We have good news and bad news. The good news is that Bugatti has unveiled its latest creation, the breathtaking Mistral. The bad news is that it will be the swansong of its legendary W16 engine, before the company heads into a hybrid and electric future. As expected, only 99 models of the hyper-car will be available, each selling for £4.2million, all of which have already been sold.
Plunging straight into what it packs under the hood, the Mistral is powered by the W16 quad-turbo 8.0-litre engine, producing a mammoth 1,600hp. It’s the same engine that powered the Chiron Super Sport 300+ which topped 300mph in 2019. Bugatti claims the Mistral will follow the same legacy of being the fastest roadster in production.
Helping him do that is a large amount of carbon fiber sprinkled on his body and a lot of aerodynamic trickery. This can be seen in the design of the car, with cuts and creases all over its body. There are also two huge air dams up front, which “connect you to the car and the W16 engine like no other Bugatti has ever done”, according to Mate Rimac, President of Bugatti Rimac.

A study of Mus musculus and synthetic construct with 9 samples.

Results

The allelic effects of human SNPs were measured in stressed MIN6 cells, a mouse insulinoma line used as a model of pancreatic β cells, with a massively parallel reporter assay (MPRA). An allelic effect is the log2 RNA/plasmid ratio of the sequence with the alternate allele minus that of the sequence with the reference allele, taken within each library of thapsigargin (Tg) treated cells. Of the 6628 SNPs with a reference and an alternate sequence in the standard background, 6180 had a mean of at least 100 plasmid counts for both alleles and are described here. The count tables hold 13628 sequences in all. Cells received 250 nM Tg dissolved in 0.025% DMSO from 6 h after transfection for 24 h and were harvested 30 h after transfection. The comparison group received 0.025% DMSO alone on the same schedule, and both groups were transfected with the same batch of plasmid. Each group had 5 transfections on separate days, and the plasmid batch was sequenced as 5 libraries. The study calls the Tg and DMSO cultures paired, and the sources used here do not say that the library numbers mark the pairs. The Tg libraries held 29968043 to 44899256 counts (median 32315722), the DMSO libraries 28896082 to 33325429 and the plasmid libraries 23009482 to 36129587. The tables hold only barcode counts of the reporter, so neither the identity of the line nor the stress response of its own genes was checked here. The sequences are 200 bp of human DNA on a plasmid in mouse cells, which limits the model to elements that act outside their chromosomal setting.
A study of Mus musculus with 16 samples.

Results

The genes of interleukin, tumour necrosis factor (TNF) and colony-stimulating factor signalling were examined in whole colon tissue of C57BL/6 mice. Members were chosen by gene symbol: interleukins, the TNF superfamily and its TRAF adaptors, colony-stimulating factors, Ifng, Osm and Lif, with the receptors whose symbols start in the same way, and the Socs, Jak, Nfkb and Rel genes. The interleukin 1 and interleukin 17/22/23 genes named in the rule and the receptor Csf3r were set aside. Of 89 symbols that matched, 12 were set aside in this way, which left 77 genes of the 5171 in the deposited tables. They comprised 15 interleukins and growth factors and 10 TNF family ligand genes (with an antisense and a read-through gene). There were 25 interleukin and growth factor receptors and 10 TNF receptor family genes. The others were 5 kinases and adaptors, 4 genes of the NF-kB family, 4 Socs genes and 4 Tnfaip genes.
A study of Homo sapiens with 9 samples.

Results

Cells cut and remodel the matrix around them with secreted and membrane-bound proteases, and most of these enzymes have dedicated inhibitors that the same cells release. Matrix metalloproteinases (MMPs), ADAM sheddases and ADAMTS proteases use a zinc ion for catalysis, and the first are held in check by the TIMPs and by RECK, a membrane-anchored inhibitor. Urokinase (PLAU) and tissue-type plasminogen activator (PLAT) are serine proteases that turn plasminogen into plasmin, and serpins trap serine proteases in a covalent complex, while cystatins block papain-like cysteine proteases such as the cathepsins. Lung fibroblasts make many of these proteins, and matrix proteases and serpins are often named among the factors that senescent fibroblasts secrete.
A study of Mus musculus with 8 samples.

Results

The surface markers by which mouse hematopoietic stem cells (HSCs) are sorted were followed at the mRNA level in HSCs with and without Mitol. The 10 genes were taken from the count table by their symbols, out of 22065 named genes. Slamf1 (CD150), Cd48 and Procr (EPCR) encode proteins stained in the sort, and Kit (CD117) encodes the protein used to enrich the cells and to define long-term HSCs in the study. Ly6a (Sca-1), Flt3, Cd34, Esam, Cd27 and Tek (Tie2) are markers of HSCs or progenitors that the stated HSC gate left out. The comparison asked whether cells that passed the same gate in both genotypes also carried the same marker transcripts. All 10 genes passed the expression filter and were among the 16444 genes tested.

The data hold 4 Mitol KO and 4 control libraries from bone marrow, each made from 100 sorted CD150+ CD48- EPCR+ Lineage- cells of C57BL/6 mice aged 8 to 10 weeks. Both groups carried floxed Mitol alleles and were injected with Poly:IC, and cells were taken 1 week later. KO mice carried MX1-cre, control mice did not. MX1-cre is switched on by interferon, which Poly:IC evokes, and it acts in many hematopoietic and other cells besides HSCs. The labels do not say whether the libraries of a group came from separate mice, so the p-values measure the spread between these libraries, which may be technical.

Four vertically stacked LED headlights flank the horseshoe grille, which appears to be wider than its other models. Plus, it also gets a wraparound windshield that seemingly blends into the door window.
As a roadster, the folks at Bugatti had to think of clever workarounds to manage the airflow, which is now guided through the vents between the LED headlights, exiting directly out the side. Speaking of the challenges, Deputy Design Director Frank Heyl said: “Aerodynamics play a big part here too. The lack of a roof required complex designs to keep the car planted, as well as where the air will flow.
Inside, the interiors are similar to those of the Chiron. The exception here being a special gear lever, with a specially sculpted elephant on it. Of course, this can be customized according to the customer’s taste.
Bugatti will give you the roof with the car, but says it won’t be usable while driving and is only meant to keep occupants dry while stationary. That being said, with Bugatti ditching the W16 engine and Lamborghini offering the last hurrah to its V12 engine with the Ultimae, we are truly in the twilight years of those manic internal combustion engines.